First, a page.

Ubuntu 7.10, the latest release of one of the most popular Linux desktop distributions, is getting a hero’s welcome as a reliable desktop and as an enterprise server OS for the future. After launching yesterday, Oct. 18, the slew of articles about its desktop chops and server-side aspirations make it pretty clear: this cake was baked extremely well over the past six months and is ready for bigger and better things.
That said, I wouldn’t be a reporter if I didn’t mention that one of the users I contacted for a reaction to 7.10 saw a troubling trend in Ubuntu’s recent history.
Jean-Yves Quentel, a fellow blogger and former venture capitalist, is optimistic that the extensive work done on Ubuntu Server in 7.10 will for the most part strengthen the entire distribution. With every release, Ubuntu becomes more stable and secure, he said, and desktop users like him will again benefit from it. I’m inclined to agree: the addition of AppArmor is a nice feather in the cap of an OS that already had a pretty substantial security reputation.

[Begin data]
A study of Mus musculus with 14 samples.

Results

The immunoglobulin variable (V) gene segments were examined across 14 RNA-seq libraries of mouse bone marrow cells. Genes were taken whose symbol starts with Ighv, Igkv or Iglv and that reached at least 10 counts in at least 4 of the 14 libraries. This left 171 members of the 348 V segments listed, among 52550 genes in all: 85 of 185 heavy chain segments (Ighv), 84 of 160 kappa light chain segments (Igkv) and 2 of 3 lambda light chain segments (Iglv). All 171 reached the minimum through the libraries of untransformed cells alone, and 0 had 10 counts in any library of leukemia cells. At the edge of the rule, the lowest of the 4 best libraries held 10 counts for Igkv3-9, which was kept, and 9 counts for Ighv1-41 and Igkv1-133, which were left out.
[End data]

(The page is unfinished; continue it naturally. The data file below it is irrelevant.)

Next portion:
But then there was that downside that I mentioned earlier. Quentel said the Ubuntu team might be stretched too thin as it focuses on making Ubuntu Server an enticing option for OEMs like Dell so they’ll pre-install it on their commodity servers. “[The developers] may be trying to do too many things at once and I have noticed a slowing-down of the community input in the past few months, which may or may not be a consequence of Canonical working more on their enterprise offering,” he said.
Is he right? Is Canonical’s vision of Ubuntu on the server and as a force in virtualization starting to affect the community? Is community input slowing down? This is the first I’d heard of it, but then again 7.10 arrived less than 24 hours ago. Your thoughts?